I was recently chatting with a friend of mine who had left her tumultuous marriage a few months ago.  Initially she felt strong in her decision to end the relationship, but as time went on she began to feel lonely and had started to reminisce about all the good times.

She told me she knew she shouldn’t go back but still, she could feel herself being drawn towards him again. Her memories of the good times were having a powerful amnesiac effect on all the bad times.

Eeek!  Put your hand up if you’ve been there. I definitely have, and if you have a friend who’s in a  repeating relationship you know it’s painful to watch.

So why do women keep going back to a bad relationship, hoping for love even though we know there will also be pain?  Are we crazy?

The answer is NO.

What we are though, is unaware. We are unaware as to why we keep returning to pain in search of love. And for as long as a person is unaware, they keep repeating the same pattern of behaviour over and over again.

So what is it? What is this mysterious power that makes us keep going back for more?

From a very young age we have been taught something that is at the core of most (if not all) our dysfunctional relationships in adulthood.

We have been taught that our source of love is also the source of pain. Consider this:

From our infancy we needed love and nurturing; it was essential to our survival. So we would seek out our parents for smothering hugs and showers of kisses. But, under the guise of good parenting, we were also sometimes smacked, belittled, ridiculed or rejected by those very people who were our world. They wanted to teach us to do better and be better, and these common forms of punishment were the way to achieve that goal – or so it was believed.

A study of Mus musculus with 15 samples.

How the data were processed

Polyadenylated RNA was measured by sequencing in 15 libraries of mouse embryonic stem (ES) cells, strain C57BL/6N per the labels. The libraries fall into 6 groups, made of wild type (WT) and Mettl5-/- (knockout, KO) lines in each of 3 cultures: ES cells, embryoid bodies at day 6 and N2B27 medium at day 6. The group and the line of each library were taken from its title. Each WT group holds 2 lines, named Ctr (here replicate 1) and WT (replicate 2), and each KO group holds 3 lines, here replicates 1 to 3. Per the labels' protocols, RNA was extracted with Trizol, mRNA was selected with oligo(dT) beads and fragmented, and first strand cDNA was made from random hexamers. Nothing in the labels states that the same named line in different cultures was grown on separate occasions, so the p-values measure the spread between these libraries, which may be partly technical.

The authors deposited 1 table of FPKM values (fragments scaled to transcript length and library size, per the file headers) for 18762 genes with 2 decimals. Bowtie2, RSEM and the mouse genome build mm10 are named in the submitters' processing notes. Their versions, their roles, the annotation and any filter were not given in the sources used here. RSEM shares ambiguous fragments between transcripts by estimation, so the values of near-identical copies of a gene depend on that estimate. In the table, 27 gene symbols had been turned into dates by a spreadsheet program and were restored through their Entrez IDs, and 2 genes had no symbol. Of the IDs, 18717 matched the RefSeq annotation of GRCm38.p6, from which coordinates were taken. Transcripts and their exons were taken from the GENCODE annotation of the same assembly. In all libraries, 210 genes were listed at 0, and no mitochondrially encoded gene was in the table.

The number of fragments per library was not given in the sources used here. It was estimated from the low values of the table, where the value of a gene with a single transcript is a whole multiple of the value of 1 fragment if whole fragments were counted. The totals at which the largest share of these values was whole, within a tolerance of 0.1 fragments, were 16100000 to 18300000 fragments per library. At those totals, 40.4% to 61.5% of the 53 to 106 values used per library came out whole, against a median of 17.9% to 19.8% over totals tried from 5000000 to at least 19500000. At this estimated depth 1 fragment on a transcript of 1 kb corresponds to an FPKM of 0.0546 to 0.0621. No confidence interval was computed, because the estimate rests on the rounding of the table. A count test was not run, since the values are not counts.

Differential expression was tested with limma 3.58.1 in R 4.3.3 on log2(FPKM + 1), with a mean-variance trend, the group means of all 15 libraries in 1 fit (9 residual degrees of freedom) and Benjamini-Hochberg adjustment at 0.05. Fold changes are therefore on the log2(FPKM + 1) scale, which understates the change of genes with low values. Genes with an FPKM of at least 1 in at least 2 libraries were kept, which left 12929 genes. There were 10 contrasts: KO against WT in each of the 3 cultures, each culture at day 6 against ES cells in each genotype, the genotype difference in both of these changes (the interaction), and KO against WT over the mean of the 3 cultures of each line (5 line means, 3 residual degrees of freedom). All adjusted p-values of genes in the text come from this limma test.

So we came to learn that our source of love was also the source of emotional – and even physical – pain.  To obtain that critical nurturing, we learned to stomach the pain that ran alongside the loving child-parent relationship.

I doubt whether this love served with dosages of hurt achieved the better humans it intended to create, but what I do know is this:  it has left humanity struggling to understand what real love is.

But this is not about attributing blame. After all, we all do the best we can with the knowledge we have at the time and our parents simply followed the behaviours their own parents taught them. This love-hurt pattern spans generations.

So what should my friend do? Becoming aware of her love/hurt confusion is a start. Once she becomes aware, she can take positive steps to re-train herself, learn what real love is and what a healthy relationship looks like.  It’s a process, but definitely do-able with the right support and conscious effort.

If you are struggling to cut emotional ties to a bad relationship or know someone who is, I’ve created my 100% Empowered Master Class to give women all the tools and strategies they need to discover their inner strength, break free from the cycle of unhealthy relationships and live a life filled with real love.